Thursday, August 30, 2007
The Specter of September 11th in Literature
Part 2: Can Images Silence Us?
These questions might be addressed again through two contemporary examples. I restrict myself to literature, because I haven’t yet seen the cadre of films produced (United 93; 9’11’01; World Trade Center—the list is quite long): Don Delillo’s Falling Man (2007) and Claire Messud’s The Emperor’s Children (2006).
I hope those who’ve read Delillo’s work will agree with me that he is eminently qualified for this task. As Andrew O’Hagan recently wrote in the New York Review of Books, Delillo’s books have dealt repeatedly with the interpenetration of impersonal geopolitical catastrophes and intimate, individual experience. He does this particularly well, without judgment and drama. Although narrative may be poorly suited for it, as it is the linguistic analogue of the function of attention in perception, his writing disrupts that function and manages to gloss over the surface of things. One wonders how Delillo achieves this state in which events reveal themselves without investment, in which all lives and activities and personal meanings are potentially comical and therefore denuded of all dramatic urgency. I will never forget the poignant choral effect of the television in White Noise, that softens the faces of interfamilial tension and returns life to the quotidian.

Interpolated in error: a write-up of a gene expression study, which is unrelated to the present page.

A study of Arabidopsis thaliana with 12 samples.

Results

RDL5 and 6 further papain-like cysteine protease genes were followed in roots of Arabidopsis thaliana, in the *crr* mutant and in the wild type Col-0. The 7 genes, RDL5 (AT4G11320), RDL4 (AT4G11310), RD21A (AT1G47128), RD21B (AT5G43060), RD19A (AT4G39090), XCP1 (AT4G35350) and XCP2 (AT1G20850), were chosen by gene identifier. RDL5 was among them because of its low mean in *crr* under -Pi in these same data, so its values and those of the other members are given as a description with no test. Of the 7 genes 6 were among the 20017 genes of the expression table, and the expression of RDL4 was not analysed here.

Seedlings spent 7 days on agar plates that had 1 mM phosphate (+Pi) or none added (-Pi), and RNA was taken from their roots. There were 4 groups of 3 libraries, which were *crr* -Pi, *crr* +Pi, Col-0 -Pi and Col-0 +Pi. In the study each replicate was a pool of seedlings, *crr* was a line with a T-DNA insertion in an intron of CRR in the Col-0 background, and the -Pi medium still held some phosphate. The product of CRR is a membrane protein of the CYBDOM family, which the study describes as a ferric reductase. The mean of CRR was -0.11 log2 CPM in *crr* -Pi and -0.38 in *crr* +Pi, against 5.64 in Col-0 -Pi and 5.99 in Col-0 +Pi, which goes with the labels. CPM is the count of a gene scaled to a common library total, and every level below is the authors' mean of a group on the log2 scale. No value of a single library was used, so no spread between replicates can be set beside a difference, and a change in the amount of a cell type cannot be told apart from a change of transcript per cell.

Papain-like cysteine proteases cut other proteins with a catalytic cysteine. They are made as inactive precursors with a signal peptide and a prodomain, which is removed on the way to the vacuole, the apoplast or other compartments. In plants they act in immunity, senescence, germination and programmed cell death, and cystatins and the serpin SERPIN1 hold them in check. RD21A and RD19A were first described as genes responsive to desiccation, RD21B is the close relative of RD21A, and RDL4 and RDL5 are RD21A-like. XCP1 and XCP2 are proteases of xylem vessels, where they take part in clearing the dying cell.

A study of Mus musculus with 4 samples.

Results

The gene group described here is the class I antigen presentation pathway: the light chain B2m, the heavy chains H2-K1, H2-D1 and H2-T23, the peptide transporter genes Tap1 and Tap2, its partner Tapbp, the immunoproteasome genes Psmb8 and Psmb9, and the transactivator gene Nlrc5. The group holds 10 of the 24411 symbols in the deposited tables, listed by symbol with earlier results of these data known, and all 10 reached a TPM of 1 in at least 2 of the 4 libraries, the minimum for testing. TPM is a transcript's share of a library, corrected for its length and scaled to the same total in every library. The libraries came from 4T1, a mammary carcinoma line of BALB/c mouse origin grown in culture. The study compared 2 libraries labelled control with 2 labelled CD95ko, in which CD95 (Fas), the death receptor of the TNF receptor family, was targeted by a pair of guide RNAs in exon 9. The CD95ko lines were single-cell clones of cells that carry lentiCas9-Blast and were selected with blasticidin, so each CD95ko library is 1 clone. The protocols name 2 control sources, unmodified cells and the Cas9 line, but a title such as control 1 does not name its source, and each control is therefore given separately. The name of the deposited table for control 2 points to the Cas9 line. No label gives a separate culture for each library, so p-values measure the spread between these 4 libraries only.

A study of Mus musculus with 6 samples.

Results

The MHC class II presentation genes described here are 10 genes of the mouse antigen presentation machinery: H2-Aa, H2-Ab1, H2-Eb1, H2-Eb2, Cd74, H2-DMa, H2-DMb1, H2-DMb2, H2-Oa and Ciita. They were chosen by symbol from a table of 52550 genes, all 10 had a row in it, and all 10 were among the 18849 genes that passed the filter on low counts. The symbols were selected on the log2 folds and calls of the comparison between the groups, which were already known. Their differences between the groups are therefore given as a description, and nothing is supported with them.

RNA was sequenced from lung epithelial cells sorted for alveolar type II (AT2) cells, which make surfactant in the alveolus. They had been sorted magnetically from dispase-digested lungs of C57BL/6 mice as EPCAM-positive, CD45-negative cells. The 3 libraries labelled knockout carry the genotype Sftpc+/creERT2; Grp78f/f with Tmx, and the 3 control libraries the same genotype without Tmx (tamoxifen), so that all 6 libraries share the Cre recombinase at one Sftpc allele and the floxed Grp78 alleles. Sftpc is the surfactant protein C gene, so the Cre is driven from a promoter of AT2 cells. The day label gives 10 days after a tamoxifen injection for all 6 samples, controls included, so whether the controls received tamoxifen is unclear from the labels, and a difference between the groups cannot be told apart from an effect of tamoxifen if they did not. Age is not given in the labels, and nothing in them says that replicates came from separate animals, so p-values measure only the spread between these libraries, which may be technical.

O’Hagan claims that Delillo has been silenced by September 11th, the event being the subject portended by his work theretofore. This claim is very powerful. For myself, I admit that I read Underworld during the summer of 2002, picking it up because the image from the cover—the World Trade Center towers marked by the outline of a bird flying across them—had a new significance and I wanted the book to speak to that, somehow, without speaking to it. And this is precisely what the novel did, through narratives of: the so-called “shot heard around the world” inaugurating the Cold War and nuclear arms escalation; the collection of trash in Russia for atomic incineration; an artist taking on the task of painting a graveyard of military aircraft; the construction of the World Trade Center towers; and a famous baseball game. That work was powerful because the events always eclipsed the individuals.
In Falling Man, Delillo is obsessed by images and these images are what have silenced him. The title draws forth the image of a performance artist, who after the event, mysteriously appears at different sites in the city and jumps from an overhang to a position in which he lies treacherously hung over the earth. Technically, the book should have been written about him. But that is a book Delillo is not equipped to write. What he does is wield and work with ideas and words, not images. Although his books produce images, they cannot themselves reproduce images.
Delillo knows this, I think. In the novel one of the character's is a famous art historian. Her daughter and lover repeatedly come together around a painting, which the daughter believes bears the outlines of the towers. There are moments when we join the daughter in meditation on the image. But the narrative fails to bring this painting forth. It cannot reproduce this image. Merely the outlines which we must imagine peopling it.